Bad parenting!

  Jak_1 14:09 12 Dec 08
Locked

Yesterday late afternoon I had just parked up at the local supermarket. The car next to mine had the engine running and lights on. Nothing unusual about this you might say, however the driver was nowhere to be seen! In the car was a tot in a baby seat and a lad of about 12/13 in the drivers seat turning the wheel and bouncing about in the seat! The mother arrived a few minutes later having emerged from the supermarket entrance. What struck me at the time was just how easily a tragic accident could have happened if the lad had knocked the car into gear.
I have to say I was very tempted to inform the police until mother arrived back on the scene laden with shopping! I just couldn't believe the gross negligence shown by this person! Quite appart from her own two offspring being hurt or killed there were other people around who could have been hit by the car should the worst have happened. How can some people be so irresponsible?

  Chegs ®™ 14:18 12 Dec 08

What struck me at the time was just how easily a tragic accident could have happened if the lad had knocked the car into gear.


You've been watching too many movies. :)

It is an offence to leave a vehicle with the engine running if the vehicle is unoccupied,but you say it had children inside and the young lad was in the drivers seat so if the police had seen it,he would likely have been charged.Although the carpark is probably private land so no offence.

  Clapton is God 14:37 12 Dec 08

"How can some people be so irresponsible?"

Irresponsible??

Brain and dead spring to mind.

  laurie53 19:54 12 Dec 08

"the carpark is probably private land so no offence."

Popular fallacy.

If the general public has access the Road Traffic Acts apply.

I personally know of action for riding without a crash helmet, drunk driving and no tax.

  Kevscar1 20:35 12 Dec 08

The Road traffic Act only applies if it is maintained at public expense. If it's private property then it doesn't.
That makes any tickets given out at your local hospital for parking on yellow lines invalid because all the roads are maintained with our money so the RTA applies there and under it only a council by issue of a bye-law can authorise the painting of yellow lines.

  bremner 21:43 12 Dec 08

"The Road traffic Act only applies if it is maintained at public expense". This is not the case.

The RTA applies to a Road or other public place. Public place is defined as anywhere to which the public has access.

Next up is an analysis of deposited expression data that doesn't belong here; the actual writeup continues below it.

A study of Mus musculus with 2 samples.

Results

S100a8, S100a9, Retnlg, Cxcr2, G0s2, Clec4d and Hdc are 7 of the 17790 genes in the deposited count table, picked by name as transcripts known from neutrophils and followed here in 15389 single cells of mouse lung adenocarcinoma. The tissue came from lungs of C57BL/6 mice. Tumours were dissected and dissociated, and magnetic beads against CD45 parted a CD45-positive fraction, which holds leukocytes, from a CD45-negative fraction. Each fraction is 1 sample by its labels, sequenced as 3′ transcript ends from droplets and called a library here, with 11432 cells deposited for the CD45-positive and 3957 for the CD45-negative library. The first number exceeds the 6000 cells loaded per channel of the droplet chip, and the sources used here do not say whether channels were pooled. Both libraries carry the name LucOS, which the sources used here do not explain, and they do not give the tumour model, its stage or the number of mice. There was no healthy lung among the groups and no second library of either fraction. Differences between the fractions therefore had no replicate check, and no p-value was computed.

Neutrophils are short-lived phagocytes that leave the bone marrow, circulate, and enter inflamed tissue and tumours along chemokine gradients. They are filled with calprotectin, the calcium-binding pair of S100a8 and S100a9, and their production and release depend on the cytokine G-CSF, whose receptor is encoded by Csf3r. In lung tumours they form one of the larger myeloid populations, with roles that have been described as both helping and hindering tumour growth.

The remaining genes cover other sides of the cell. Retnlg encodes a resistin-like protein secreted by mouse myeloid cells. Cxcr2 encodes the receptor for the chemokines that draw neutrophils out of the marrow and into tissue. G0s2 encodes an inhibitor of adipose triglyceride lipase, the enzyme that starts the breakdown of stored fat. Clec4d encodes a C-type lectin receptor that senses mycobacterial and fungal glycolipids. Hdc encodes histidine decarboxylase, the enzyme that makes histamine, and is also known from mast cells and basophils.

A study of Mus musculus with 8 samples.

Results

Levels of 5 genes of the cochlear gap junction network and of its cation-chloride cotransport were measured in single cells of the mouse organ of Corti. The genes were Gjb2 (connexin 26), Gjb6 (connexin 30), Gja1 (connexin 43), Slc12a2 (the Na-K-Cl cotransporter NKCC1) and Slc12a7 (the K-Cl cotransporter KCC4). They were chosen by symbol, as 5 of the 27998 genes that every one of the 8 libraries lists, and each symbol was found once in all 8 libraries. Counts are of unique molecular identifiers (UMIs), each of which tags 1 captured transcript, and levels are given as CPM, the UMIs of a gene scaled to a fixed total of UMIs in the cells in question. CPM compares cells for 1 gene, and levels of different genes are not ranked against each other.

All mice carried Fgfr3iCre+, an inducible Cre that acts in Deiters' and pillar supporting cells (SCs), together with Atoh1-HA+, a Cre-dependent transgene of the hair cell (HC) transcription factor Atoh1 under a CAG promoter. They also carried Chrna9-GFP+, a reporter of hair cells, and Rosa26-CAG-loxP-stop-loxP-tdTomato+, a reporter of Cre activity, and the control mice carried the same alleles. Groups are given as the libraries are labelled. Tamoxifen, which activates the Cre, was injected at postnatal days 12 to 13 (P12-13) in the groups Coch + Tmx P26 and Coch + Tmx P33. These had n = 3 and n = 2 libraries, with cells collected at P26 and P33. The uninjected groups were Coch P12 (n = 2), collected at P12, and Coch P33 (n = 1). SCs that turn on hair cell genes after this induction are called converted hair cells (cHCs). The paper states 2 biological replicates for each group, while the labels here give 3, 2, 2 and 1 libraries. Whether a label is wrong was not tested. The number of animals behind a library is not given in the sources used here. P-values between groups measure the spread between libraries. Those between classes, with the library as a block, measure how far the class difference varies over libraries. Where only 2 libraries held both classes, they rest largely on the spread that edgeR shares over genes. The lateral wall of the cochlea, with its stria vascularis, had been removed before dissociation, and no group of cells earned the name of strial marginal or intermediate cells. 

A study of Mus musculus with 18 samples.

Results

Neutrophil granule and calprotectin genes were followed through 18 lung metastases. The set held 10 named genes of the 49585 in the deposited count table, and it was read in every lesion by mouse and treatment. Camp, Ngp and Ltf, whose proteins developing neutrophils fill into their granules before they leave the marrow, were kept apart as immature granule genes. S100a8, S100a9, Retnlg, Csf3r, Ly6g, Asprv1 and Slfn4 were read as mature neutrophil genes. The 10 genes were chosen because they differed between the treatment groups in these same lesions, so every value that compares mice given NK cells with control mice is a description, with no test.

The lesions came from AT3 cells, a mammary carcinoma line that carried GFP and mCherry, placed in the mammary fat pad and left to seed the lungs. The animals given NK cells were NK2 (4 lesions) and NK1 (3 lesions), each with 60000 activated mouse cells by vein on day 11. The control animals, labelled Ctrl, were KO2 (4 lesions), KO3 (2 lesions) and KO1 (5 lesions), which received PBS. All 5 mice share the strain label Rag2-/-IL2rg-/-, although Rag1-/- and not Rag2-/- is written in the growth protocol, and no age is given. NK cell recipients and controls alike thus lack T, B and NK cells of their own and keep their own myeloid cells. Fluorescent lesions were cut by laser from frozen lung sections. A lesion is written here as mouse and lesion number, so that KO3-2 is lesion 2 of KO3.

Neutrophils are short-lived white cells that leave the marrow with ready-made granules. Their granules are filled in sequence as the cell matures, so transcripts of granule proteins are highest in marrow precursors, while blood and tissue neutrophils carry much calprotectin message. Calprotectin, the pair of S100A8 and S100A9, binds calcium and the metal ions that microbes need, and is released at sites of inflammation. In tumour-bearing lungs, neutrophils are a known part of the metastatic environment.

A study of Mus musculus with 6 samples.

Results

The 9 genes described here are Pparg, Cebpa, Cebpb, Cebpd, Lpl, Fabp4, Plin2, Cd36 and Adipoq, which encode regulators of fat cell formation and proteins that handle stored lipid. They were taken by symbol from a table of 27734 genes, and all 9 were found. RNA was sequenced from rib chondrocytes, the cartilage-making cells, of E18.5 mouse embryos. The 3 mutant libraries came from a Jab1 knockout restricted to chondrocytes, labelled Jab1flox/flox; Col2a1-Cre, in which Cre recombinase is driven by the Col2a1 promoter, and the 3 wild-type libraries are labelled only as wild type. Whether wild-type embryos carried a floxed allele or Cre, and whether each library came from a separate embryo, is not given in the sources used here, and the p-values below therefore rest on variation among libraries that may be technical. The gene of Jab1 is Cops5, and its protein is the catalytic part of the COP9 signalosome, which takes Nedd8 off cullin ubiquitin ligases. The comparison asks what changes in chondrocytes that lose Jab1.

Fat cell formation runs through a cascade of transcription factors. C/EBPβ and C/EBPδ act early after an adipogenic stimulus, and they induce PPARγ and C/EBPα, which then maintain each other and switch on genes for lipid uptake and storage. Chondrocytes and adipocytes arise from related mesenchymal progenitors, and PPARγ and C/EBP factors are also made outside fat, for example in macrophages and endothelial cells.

This has to be the general public and not say for example the car park of a private members club.

Therefore the car park of a supermarket is a public place as defined by the RTA even if it is maintained solely by the Supermarket company.

  spuds 22:29 12 Dec 08

Funny this question as been aired. At present I am in dialogue with our local police about a similar car park incident.

Over the years there as been changes as to what is classed as private in respect of public access areas and/or Rights of Way. There as also been a change (so I am told) in how some police officer will deal with an offence of a stationary (parked) vehicle with occupant's, and with its engine running.

Previously: (Q)Who is responsible for parked vehicles. (A) The person who last drove the vehicle is legally responsible for complying with the regulations in force.
Now there is (apparently) 'Quitting a motor vehicle' which throws an whole different light on any offences of a parked vehicle with the engine running, and whether other occupant's are licensed to drive the vehicle.

Regarding public access 'private' areas including car parks, the Law Lords have had a number of cases presented to them on this matter. It a long complicated issue, and to lengthy to go into detail here. But on a part basis RTA 1988 sect 192(1)UK and RSA 1984 sect 151(1) Scotland click here might shed a little light on the subject. There is also Section 93 of the Police Act 'Authorisation of Action In Respect of Property' which might give police extra powers for possible prosecutions.